Afghan Air Force to Get More A-29 Super Tucanos


The U.S. Air Force has put in a new order with Sierra Nevada Corp. and Embraer to produce six new A-29 Super Tucano aircraft for the Afghan air force's fleet, the companies announced Wednesday.

"We believe this decision demonstrates that the A-29 Super Tucano is the best aircraft for close air support operations, as well as the most proven, reliable and cost-effective solution for counterinsurgency and irregular warfare scenarios," said Jackson Schneider, president and CEO of Embraer Defense & Security.

"We are honored to continue to support the U.S. government in this critical mission," Schneider said in a release.

A U.S.-funded $427 million contract calls for a total of 20 turboprop A-29s to be delivered to Afghanistan by 2018.


"There is no other aircraft like the A-29 in its ability to provide flight training, light attack, and combat pilot seasoning," said Taco Gilbert, senior vice president for SNC's ISR business area and a retired Air Force brigadier general. "Its continued demand demonstrates its value to air forces the world over."

Last April, A-29s manned by Afghan pilots trained in the U.S. conducted their first close-air support missions in fixed-wing aircraft in Afghanistan.

Four of the A-29s arrived in Afghanistan in January 2016 and another four previously flew into a military airfield near Hamid Karzai International Airport outside Kabul, according to Army Brig. Gen. Charles Cleveland, then the deputy chief of staff for communications for the U.S. and NATO Resolute Support Mission in Afghanistan.

"They are beginning to take their first strikes," guided to targets by Afghan forward air controllers on the ground, Cleveland said at the time.

The four A-29s were delivered one month after the first Afghan pilots and crew for the attack plane completed training at Moody Air Force Base, Georgia.

The program, which began in 2015, will ultimately train 30 pilots and 90 maintainers through 2018 at the base, according to the Air Force.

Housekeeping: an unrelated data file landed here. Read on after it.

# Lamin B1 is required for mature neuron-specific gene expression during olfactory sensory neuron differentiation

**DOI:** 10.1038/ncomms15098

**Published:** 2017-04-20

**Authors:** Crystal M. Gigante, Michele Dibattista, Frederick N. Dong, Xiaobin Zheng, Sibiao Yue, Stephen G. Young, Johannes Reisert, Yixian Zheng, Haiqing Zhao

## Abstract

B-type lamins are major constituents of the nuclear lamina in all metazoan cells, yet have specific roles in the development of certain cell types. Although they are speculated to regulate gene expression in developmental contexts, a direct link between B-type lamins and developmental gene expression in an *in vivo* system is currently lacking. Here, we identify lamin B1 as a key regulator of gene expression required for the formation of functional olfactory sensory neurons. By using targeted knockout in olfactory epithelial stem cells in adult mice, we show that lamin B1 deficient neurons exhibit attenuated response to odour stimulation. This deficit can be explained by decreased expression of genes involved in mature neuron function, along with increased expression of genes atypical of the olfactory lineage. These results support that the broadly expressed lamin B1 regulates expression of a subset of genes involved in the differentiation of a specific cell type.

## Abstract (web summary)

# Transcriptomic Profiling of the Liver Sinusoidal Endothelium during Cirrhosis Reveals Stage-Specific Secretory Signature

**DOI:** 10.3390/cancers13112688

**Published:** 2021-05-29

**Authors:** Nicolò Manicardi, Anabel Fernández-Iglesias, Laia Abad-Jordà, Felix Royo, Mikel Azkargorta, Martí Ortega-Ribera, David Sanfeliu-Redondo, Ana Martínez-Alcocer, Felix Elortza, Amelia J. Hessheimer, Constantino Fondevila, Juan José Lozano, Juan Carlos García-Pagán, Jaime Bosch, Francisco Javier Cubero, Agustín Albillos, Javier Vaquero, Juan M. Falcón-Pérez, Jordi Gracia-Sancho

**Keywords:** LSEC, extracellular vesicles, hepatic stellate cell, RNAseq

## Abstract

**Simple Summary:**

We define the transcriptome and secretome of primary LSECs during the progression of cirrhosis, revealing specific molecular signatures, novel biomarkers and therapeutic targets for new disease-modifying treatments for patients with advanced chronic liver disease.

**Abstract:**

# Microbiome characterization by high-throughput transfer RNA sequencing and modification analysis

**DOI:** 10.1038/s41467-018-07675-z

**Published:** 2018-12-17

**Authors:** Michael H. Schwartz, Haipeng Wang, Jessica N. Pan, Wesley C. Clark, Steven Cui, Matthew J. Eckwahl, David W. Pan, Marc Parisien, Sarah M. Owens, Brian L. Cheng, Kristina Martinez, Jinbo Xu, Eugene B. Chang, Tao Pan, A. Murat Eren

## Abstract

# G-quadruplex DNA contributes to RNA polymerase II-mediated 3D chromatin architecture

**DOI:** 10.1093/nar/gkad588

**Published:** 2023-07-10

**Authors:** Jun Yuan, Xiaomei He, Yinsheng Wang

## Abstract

The U.S. military services have an ongoing train, advise and assist mission in Afghanistan. The Afghans have been using A-29s for close-air attack, air interdiction, escort and armed reconnaissance.

Meanwhile, the Super Tucano is active or has been selected by 13 air forces worldwide for close-air support missions.

The A-29 is also an aircraft being considered by the U.S. Air Force.

The Air Force in August conducted a "light attack experiment" at Holloman Air Force Base, New Mexico, in which four aircraft -- AirTractor and L3's AT-802L Longsword; Sierra Nevada and Embraer's A-29 Super Tucano; and Textron and AirLand LLC's Scorpion, as well as their AT-6B Wolverine -- conducted live-fly exercises, combat maneuver scenarios and, on some occasions, weapons drops.

The service could bring in a new turboprop aircraft -- known as OA-X light attack planes -- if it sees value.

OA-X "is actually not about the hardware -- it's about the network," said Air Force Chief of Staff Gen. David Goldfein during a recent interview with

He wants the Air Force to train more often with coalition partners -- who may not have high-end fighter aircraft. Goldfein, who served as the U.S. Air Forces Central Command commander between 2011 and 2013, said, "Is this a way to get more coalition partners into a network to counter violence?"

"Can I at the same that we're looking at a relatively inexpensive aircraft and sensor package, can I connect that into a network of sharable information that allows us to better accomplish the strategy as its been laid out?" he said.